As the Gauteng provincial government tabled its budget for the year, including its plans to mitigate the load shedding crisis, the Western Cape is moving forward with its own plans to do the same.
Western Cape premier Alan Winde hosted the province’s second “Energy Digicon” on Thursday, laying out broad plans for the region to reduce the impact of rolling blackouts on businesses and citizens.
The conference also touched on what is being done to reduce the province’s reliance on power utility Eskom in the future.
The provincial government laid out short-, medium- and long-term projects that are currently underway. These include:
- Load shedding Relief Programme – this will, amongst others, see emergency packs consisting of power packs distributed to indigent households;
- Provincial Integrated Resource Plan – this includes a basket of options, including green and alternative energy sources;
- Demand Side Management Programme – incentivising and rewarding the public to play its part in taking the strain off of the power grid by reducing power usage wherever they can;
- New Emergency Generation Programme;
- Network Development Programme
One of the key plans in the province is the George Municipality’s Energy Resilience Plan, which will see three solar plants being commissioned in the region between 2023 and 2025, as well as building a battery storage facility.
By turning to self-generation – as well as reducing consumption – the municipality aims to cushion residents from “several stages of power cuts”.
“Our municipalities have been hard at work drawing up their own energy plans. We must confront this disaster both at the provincial government and local government levels. It is only by working together through partnerships that we will be able to end the blackouts,” Winde said.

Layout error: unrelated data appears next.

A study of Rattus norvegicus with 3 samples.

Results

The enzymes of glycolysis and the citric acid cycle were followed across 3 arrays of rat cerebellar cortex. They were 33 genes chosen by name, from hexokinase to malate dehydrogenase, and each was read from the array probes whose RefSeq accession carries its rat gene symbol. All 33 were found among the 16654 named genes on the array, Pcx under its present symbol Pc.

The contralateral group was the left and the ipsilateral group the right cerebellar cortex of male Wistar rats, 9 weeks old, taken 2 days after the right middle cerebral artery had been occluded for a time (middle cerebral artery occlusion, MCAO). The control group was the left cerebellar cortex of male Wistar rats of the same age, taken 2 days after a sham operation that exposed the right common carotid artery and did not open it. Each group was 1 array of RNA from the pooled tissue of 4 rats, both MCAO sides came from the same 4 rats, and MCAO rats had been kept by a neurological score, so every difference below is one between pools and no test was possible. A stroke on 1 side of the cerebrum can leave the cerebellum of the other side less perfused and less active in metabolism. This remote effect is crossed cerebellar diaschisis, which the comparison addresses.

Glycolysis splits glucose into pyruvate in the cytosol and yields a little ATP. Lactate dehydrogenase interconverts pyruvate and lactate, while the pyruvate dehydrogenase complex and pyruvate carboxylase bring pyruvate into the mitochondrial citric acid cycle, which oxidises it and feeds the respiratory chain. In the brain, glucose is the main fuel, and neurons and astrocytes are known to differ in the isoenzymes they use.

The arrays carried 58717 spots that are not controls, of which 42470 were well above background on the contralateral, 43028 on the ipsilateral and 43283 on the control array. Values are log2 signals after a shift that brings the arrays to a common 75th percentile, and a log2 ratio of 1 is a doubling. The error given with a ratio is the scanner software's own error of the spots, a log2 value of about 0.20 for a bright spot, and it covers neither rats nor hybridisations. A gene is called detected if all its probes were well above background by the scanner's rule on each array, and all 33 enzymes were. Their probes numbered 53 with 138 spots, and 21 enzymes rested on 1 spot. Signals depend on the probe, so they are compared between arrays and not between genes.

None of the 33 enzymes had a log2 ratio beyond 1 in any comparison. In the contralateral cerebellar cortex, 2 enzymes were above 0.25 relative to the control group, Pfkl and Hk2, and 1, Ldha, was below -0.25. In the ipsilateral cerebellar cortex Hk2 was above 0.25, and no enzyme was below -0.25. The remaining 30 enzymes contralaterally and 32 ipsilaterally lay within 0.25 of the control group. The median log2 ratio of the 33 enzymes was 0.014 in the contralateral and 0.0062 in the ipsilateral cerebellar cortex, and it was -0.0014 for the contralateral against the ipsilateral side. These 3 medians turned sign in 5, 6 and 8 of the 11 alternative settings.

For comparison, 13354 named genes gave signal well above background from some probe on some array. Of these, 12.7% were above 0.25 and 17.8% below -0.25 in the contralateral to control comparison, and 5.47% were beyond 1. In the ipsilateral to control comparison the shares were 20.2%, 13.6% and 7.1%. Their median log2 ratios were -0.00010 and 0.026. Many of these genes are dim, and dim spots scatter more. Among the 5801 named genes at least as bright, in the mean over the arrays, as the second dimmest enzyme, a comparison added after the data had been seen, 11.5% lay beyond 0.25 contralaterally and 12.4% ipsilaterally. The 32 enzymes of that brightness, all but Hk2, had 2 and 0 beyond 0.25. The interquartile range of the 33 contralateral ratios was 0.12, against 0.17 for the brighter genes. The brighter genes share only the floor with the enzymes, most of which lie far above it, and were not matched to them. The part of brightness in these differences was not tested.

Winde revealed last week that the Western Cape as a whole plans to facilitate the construction of almost 6,000MW of power generation capacity to counter nationwide electricity shortages and bolster the regional economy.
The province aims to add as much as 750 megawatts of supply by 2025 and to reach 5,700 megawatts by 2035. That should be sufficient to meet demand as the provincial economy expands, Winde said.
The Western Cape government has yet to determine which transmission options — Eskom infrastructure, municipal grids and microgrids — will work best and in what combination, according to Winde.
The province plans will have to take into account its growing population, which is projected to hit 8 million in the next six years, up from 7.2 million currently.
Broadly, the city’s plans include:
- Buying power on the open market, with the second phase of its major IPP procurement due to be announced soon;
- Paying businesses and residents to sell power back to the city;
- Incentives for voluntary energy savings under a new Power Heroes programme;
- Municipal generation projects such as Steenbras Hydro power, solar PV, and gas turbines.